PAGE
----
Wine Grape Pie (Schiacciata con l'Uva)
Howard Sooley
Provided by:
total prep

Recipe courtesy of Bocca: Cookbook by Jacob Kenedy/Bloomsbury, 2011.

Around grape harvest-time, almost every bakery in Tuscany will have a rectangular tray of a low, slightly sinister but delicious-looking cake, studded with purple-black grapes. It is one of those things you see and immediately decide to eat a slice of, even if you have just had breakfast, or are groaning after an epic lunch. Schiacciata ('crushed') is only slightly sweet, as it is made from a plain (and characteristically saltless) bread dough, the grapes providing the same balance as they might in a fine bottle of Chianti -- round, ripe, tannic, earthy, fruity. Their prolific seeds give a tremendous crunch -- one that will even please some of those who normally spit grape seeds out.


  • 1 tablespoon dried yeast, or 2 tablespoons fresh
  • 1 1/4 cups (about) lukewarm water
  • 4 cups (scant) bread flour
  • 2 pounds (about) red wine grapes (Sangiovese/Merlot/Cabernet, etc), or concord grapes, picked from their stems, washed and dried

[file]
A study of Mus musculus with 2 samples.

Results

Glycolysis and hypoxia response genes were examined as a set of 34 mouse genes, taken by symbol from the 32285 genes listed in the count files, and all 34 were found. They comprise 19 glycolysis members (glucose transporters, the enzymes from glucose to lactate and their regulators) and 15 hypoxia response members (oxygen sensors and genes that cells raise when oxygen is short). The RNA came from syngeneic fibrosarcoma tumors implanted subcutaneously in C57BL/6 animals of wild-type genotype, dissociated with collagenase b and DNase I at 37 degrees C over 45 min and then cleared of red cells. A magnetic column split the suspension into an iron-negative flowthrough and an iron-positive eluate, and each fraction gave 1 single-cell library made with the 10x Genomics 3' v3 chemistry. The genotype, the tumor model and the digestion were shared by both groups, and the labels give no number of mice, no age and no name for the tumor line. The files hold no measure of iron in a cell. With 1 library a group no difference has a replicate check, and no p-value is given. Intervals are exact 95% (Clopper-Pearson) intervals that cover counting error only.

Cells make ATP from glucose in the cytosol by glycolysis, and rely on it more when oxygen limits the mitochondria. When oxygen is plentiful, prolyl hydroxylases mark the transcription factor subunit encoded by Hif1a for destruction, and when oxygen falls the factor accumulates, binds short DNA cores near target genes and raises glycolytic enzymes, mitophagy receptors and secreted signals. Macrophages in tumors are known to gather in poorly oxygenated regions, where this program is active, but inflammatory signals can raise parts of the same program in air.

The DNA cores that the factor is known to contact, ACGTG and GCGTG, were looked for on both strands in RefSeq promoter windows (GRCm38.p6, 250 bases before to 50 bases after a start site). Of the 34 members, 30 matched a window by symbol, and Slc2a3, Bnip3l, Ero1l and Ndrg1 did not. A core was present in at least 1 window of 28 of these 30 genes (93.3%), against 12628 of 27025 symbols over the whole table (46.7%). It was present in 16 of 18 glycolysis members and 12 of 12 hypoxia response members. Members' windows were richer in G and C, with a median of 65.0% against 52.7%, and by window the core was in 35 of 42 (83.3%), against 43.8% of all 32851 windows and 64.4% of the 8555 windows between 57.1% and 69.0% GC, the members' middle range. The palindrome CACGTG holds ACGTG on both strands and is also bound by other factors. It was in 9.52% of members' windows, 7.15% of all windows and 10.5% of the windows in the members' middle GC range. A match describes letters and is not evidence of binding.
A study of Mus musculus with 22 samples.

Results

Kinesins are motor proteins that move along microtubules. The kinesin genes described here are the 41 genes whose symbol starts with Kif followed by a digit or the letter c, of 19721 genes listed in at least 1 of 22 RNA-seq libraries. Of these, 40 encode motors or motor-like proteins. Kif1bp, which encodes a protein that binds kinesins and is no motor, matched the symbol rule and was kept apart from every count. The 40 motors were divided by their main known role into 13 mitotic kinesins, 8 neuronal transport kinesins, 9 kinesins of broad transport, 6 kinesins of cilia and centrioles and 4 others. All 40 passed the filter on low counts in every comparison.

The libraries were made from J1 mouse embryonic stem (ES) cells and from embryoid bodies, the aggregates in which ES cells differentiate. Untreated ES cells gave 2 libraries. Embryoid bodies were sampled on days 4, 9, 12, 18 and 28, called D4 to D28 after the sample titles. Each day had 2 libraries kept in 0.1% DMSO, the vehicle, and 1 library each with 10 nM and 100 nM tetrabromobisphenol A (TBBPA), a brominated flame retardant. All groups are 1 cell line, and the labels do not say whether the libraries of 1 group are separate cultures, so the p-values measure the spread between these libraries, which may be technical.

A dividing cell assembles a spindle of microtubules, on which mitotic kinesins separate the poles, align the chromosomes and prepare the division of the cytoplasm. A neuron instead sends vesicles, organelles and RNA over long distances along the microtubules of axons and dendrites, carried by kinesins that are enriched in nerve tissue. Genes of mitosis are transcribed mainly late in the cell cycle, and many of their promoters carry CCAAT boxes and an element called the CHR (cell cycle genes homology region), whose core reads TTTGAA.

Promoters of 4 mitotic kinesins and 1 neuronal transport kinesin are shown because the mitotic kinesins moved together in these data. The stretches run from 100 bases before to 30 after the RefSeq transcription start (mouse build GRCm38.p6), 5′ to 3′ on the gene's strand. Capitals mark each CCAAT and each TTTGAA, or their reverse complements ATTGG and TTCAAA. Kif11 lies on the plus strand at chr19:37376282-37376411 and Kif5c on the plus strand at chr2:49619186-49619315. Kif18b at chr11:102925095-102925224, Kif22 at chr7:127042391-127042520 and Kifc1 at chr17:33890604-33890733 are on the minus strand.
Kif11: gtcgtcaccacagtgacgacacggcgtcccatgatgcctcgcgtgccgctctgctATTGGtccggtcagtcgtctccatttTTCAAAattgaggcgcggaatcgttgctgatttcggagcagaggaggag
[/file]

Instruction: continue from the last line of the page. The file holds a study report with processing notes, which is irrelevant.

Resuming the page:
• 1/2 cup superfine sugar
  • 1/2 cup extra virgin olive oil, plus a little extra to grease the pan
  • 1 teaspoon aniseeds or fennel seeds (optional)


  • Disperse the yeast in the water, then add the flour to make a dough, kneading it very well until it becomes smooth and highly elastic -- a good 10–15 minutes. Let rise, covered, until doubled in bulk -- 2 hours or so in the airing cupboard or any gentle warmth.
  • Divide the dough into two equal parts. Find a baking sheet, about 8 x 12in. Roll one lump of dough out until quite thin, and 4in wider and longer than the baking sheet (12 x 16in). Lay it on the tray, so the excess comes up the side. Fill the base of this lined tray with two-thirds of the grapes, and sprinkle over them one-third of each of the sugar, oil, and aniseeds (if using).
  • Roll the second part of the dough out, the same size as the baking sheet (8 x 12in), and lay it over the top, completely enclosing the grapes beneath. Press down slightly, so it snuggles on to the grapes, and fold the loose edges of the lower tray of dough inwards, towards the centre of the pie, to seal it. Dot the remaining grapes over the top, quite evenly. Sprinkle the top of the schiacciata with the remaining sugar, oil and aniseed.
  • Let rise for about an hour until it looks a little puffy (with the weight of the grapes, it won't rise a great deal), then bake at 400 degrees F for 1 hour, until the crust on top is an even and deep gold. Let it cool for at least 2 hours before serving. The leftovers make for a particularly fine breakfast.